THE decision to visit Wichelstowe’s first canalside local was one of those spur-of-the-moment things you’re glad about afterwards.

A group of us had spent the Sunday morning and some of the afternoon strolling through snow-blanketed countryside.

“Shall we get a late lunch?”

“Sounds good. Where?”

“That new place?”

“Might as well.”

We ended up staying for several hours, such was the quality of the food – and the espresso martinis.

I’d advise booking a table if you want to be sure of dining. When we visited, every table in the dining area was taken, and it was a case of first-come, first-served at the other tables.

Fortunately, another group left their table not long after we arrived.

We were greeted warmly on arrival, and the service throughout our visit was friendly and very helpful. When one of our group inadvertently knocked over a drink and some of it splashed her almost-finished main course, a member of staff was on the scene within seconds to help clean up, and offered to replace the dish. She declined, but did accept the offer of a free dessert to make up for the upset.

Having said that, some of the people staffing the - admittedly busy – bar seemed overwhelmed at times, and there were some long waits. This can probably be put down to the fact that the place had barely been open for a couple of days when we visited, and they were still getting the feel of working there. I wouldn’t be surprised if my 7/10 rating is already out of date.

Our relatively brief wait for a table gave us the chance to explore the place. The most striking features in the dining area are the individual booths modelled on the interiors of canal boats, which come with their own beer pumps. In a continuation of the historic canal theme, the front of a boat protrudes from the building.

Overall the interior, with its metal, wood, old machinery and photos of the company’s founders, manages to be simultaneously historic, industrial and homely. Old books jostle with artefacts for space on the selves which line much of the wall space. It’s a big place, but thanks to the décor it’s never barn-like.

And the food?

Uniformly excellent. I give it a nine only on the basis that a 10 would mean utter perfection, and I have no idea what that might be.

We began by sharing a couple of the very generous starters.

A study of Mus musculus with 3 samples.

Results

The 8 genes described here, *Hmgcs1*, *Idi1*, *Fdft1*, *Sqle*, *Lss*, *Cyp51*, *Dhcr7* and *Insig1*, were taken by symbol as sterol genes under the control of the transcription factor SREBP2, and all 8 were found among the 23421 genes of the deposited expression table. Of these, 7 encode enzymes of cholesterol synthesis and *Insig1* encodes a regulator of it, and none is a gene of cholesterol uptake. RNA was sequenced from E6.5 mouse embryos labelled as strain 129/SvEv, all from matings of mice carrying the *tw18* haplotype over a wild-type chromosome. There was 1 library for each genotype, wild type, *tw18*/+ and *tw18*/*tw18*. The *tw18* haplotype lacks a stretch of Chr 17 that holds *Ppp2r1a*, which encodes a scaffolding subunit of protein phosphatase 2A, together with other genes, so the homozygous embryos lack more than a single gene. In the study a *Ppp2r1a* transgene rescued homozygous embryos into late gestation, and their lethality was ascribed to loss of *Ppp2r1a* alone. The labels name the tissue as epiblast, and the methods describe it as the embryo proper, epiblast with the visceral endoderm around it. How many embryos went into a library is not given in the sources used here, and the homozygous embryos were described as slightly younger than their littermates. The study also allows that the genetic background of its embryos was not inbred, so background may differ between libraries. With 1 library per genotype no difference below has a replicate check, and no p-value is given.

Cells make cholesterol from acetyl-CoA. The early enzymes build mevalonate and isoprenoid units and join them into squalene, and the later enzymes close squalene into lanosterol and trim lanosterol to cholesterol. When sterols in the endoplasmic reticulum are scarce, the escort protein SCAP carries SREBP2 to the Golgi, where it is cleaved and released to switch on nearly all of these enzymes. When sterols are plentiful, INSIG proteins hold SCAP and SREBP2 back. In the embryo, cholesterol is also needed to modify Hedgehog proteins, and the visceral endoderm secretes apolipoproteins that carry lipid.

The whitebait with tartare sauce (£5.75) had just the right consistency, with a satisfyingly crispy exterior and succulent flesh.

The menu promised that the tiger prawns with sourdough and garlic mayonnaise (£9.25) came with lashings of garlic butter, and nobody who tries the dish is likely to disagree.

The easy-to-peel beasties were firm, addictive and altogether wonderful.

They are highly recommended, so long as you avoid breathing on painted surfaces for a few hours afterwards - unless you actually want to strip them, of course.

When the time came to order main courses, two of us opted for burgers, both of which were huge, well-flavoured and came with generous helpings of fries.

The signature H&W burger (£13.50) features Monterey Jack cheese, caramelised streaky bacon and the firm’s own sauce, while the smoke and spice burger (£14) has ‘nduja, sauteed onions and paprika mayo.

Our other three mains were salmon pave (£14.25), stuffed roasted aubergine (£10.50) and steak frites (£14).

Not a single one of us had anything negative to say about so much as a morsel. Ingredients are well-chosen, and the ethos is clearly one of not compromising in any way on quality.

This is not a cheap menu, but I’ve eaten in some far more expensive places and not felt nearly as happy.

Deciding that we might as well say for the long haul, and having sampled those espresso martinis (£8) I mentioned, we ventured among the desserts.

Everything on the West Country cheeseboard (£7.25) was a hit, but the Somerset Capricorn goat cheese was the star of the show.

The lemon tart (£6.50) came with raspberry coulis and fresh berries, and was a real livener.

Chocolate and coconut torte (£6.25) was as rich and luxurious as it sounds, while the three scoops of ice cream (£5) were delicious and came with more choices of flavour than can be listed here.

One of the best tests of a new dining venue’s merits is whether you’d happily recommend it to a friend.

Hall and Woodhouse passes with flying colours.